Nicole J. Phillips
I wonder sometimes about the messages I send even when I am completely unaware. I have been known to roll my eyes and huff at my youngest son, "Can you please remember to bus your own spot after dinner this time?" I wonder if I am secretly saying to him, "You can't remember to do anything." The thought is sobering and if I let my mind wander down that rabbit hole, it will scare me away from parenting for good. I'll be curled up in a ball in my bed letting someone else, someone less likely to ruin them, take over.
A few weeks ago, I posed a question about the difference between helping others because it's the "right thing to do" or because you want to do an act of kindness. I've already published some answers in this column, but I received one more letter in the mail that I couldn't let go before sharing with you. It's from Jean Lemmon in Fergus Falls, Minn. "'Where does citizenship end and kindness begin?' The two actions derive their source from two different areas, the head and the heart.
I walked into the gas station with my debit card in hand. "Hi! I had fuel on pump one." The young woman behind the counter looked at her register and then looked at me. "Which pump?" "Pump one." Again she looked at her screen, this time with a confused little arch to her eyebrow. "I'm sorry, but there's no balance on pump one. It's been paid." The lady next to her behind the counter leaned over to take a look. "Yep, it's been paid." A short pause came next, followed by an "Uh oh."
FARGO — If someone tells you to "go fly a kite," you can pretty much assume he or she is not leading with kindness and a future get-together is not in the works. Much like the phrases "bug off" or "take a hike," the origin of "go fly a kite" is a little hazy. Some people believe it came from the stock market crash of 1929, when little pieces of paper were tossed out the window. Others believe it had something to do with a conversation between Benjamin Franklin and his wife.
Taryn Skees is a mom just like me. She's a writer and a speaker who is passionate about the power of kindness. But Taryn's drive to spread the message of kindness didn't come from a spontaneous act of kindness that transformed her life. It came from the birth of her son. Taryn's 9-year-old son, Aiden, has a rare craniofacial condition called Apert syndrome. He is one in 160,000, which Taryn knows makes him awfully special.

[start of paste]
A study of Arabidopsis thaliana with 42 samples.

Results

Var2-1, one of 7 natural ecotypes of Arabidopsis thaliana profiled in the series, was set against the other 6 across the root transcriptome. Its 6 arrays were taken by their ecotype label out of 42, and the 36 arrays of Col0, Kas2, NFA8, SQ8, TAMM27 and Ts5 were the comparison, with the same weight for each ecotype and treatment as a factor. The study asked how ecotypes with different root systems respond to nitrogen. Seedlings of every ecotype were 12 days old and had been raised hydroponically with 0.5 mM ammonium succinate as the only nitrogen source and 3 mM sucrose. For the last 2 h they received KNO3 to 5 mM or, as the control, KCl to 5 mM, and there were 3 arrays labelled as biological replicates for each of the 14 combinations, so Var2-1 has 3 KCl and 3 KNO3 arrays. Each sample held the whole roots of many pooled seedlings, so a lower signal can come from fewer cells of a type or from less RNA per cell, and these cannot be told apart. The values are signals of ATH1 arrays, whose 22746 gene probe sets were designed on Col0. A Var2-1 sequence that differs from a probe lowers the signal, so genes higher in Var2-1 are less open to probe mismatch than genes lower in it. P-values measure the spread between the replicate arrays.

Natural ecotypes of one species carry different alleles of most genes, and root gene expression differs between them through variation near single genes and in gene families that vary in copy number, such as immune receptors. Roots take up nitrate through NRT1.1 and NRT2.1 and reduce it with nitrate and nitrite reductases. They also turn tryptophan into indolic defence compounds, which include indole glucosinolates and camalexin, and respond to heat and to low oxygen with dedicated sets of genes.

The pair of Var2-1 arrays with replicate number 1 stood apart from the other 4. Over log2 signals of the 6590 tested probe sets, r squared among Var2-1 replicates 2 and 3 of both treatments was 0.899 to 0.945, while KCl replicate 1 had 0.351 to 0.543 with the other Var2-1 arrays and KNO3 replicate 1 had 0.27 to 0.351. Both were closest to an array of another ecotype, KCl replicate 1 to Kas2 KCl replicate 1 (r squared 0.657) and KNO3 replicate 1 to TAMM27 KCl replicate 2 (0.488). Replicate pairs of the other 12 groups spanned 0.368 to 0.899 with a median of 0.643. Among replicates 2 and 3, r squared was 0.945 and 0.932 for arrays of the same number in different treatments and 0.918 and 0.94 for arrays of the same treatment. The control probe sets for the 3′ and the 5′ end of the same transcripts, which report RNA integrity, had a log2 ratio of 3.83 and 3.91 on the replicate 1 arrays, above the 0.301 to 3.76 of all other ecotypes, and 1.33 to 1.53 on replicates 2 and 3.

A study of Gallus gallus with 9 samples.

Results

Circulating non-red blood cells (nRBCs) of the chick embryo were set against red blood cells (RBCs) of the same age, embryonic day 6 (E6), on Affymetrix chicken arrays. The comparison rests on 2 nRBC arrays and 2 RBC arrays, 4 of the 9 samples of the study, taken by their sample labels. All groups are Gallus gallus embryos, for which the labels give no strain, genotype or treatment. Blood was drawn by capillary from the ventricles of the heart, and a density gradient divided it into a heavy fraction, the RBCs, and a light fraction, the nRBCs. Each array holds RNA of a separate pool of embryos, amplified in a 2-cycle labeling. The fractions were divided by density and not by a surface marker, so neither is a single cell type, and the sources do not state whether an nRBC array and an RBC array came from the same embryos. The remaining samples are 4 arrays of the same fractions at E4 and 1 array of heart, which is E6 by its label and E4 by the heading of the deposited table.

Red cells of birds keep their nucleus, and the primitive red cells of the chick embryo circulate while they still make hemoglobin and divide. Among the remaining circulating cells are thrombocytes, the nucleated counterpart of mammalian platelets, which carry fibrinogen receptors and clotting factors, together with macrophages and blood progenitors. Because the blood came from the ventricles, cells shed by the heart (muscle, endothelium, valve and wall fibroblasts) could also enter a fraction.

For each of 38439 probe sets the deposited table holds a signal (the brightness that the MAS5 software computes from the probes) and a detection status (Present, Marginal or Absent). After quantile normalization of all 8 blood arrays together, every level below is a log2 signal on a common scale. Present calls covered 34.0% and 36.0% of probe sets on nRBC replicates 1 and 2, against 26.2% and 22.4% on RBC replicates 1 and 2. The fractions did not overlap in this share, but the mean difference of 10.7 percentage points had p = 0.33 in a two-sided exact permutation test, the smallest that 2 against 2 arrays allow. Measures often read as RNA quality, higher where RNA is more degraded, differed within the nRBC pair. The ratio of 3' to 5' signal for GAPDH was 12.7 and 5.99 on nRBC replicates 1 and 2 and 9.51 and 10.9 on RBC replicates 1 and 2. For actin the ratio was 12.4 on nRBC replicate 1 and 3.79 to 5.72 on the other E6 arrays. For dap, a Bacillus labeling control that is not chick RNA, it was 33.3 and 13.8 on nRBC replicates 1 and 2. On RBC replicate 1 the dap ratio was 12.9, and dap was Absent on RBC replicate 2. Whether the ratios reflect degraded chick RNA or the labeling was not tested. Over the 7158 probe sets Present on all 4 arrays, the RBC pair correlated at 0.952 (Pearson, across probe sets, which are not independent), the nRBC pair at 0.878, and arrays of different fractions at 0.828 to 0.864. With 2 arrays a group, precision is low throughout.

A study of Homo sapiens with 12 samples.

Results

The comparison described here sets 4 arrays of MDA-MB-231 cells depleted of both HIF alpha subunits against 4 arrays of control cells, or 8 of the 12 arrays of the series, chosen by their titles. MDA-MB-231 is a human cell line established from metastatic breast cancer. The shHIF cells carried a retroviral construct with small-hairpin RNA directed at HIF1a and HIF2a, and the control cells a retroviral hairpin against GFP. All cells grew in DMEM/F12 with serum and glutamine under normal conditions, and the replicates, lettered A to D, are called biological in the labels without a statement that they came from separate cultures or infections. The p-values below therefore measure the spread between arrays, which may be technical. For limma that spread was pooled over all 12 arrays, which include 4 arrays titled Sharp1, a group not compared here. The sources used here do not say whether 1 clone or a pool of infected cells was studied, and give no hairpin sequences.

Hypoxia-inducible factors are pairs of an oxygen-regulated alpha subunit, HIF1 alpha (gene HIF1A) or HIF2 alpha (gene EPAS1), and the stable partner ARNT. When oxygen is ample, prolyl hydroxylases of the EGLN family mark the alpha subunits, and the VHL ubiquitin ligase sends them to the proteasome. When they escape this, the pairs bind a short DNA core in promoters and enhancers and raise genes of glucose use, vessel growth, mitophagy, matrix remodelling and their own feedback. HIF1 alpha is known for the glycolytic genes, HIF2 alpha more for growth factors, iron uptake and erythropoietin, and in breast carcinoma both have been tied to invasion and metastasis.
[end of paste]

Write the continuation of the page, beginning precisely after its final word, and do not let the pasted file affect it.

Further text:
FARGO — Last week I posed a question that had come across my desk from a Fargo mail carrier. He asked, "Where does citizenship end and kindness begin?" His job often puts him in positions where he feels compelled to help. A lost cell phone, a wandering child or an emergency that requires a call to 911. We are taught to be nice and neighborly and do the right thing. So is that kindness? Or does kindness require an extra step? Here are some thoughts from readers sent in over the past week: Teresa said she would like to be called a "kind citizen."
You know what I just realized? I do not know the name of the woman who delivers my mail. Usually my mail carrier just leaves the letters in the box by the road and eventually I wander out and collect them. But every few months, she pulls her truck into my driveway and hops out to hand me a package or a post-vacation bundle of mail. I always smile and say thank you, but in the three years that we've lived in this house, I never once thought to ask her name.
Children's hearts are precious. They love big, forgive quickly and are incredible readers of the emotions around them. Sort of like a magnet, they attract the feelings of others and wear them as their own. Sometimes that's good and sometimes that's bad. It can be bad when it locks up the mind in fear and confusion, but it's incredibly beautiful when it opens the door to compassion and understanding.
The hardest thing to do when I'm feeling down is the one thing I know will help me feel better. It's not exercise or sleep or eating healthier meals. It's kindness. I know when I'm at my worst, I have to get my eyes off myself and put them squarely on the needs of others. It works. Every time. But it doesn't just work for me. A Fargo woman says she was facing a difficult time when the perfect opportunity for kindness was born out of a short chat at a hospital coffee counter.
My friend's father-in-law recently died. It came on suddenly. It wasn't supposed to happen that way. They weren't prepared. I wonder, when it comes to losing someone we love, if we're ever really prepared. The hole that's left while we are mourning seems like an endless chasm, and yet it's the perfect size for kindness. Kindness shown through phone calls, flowers, shared memories and stories that come to life only after the living are gone.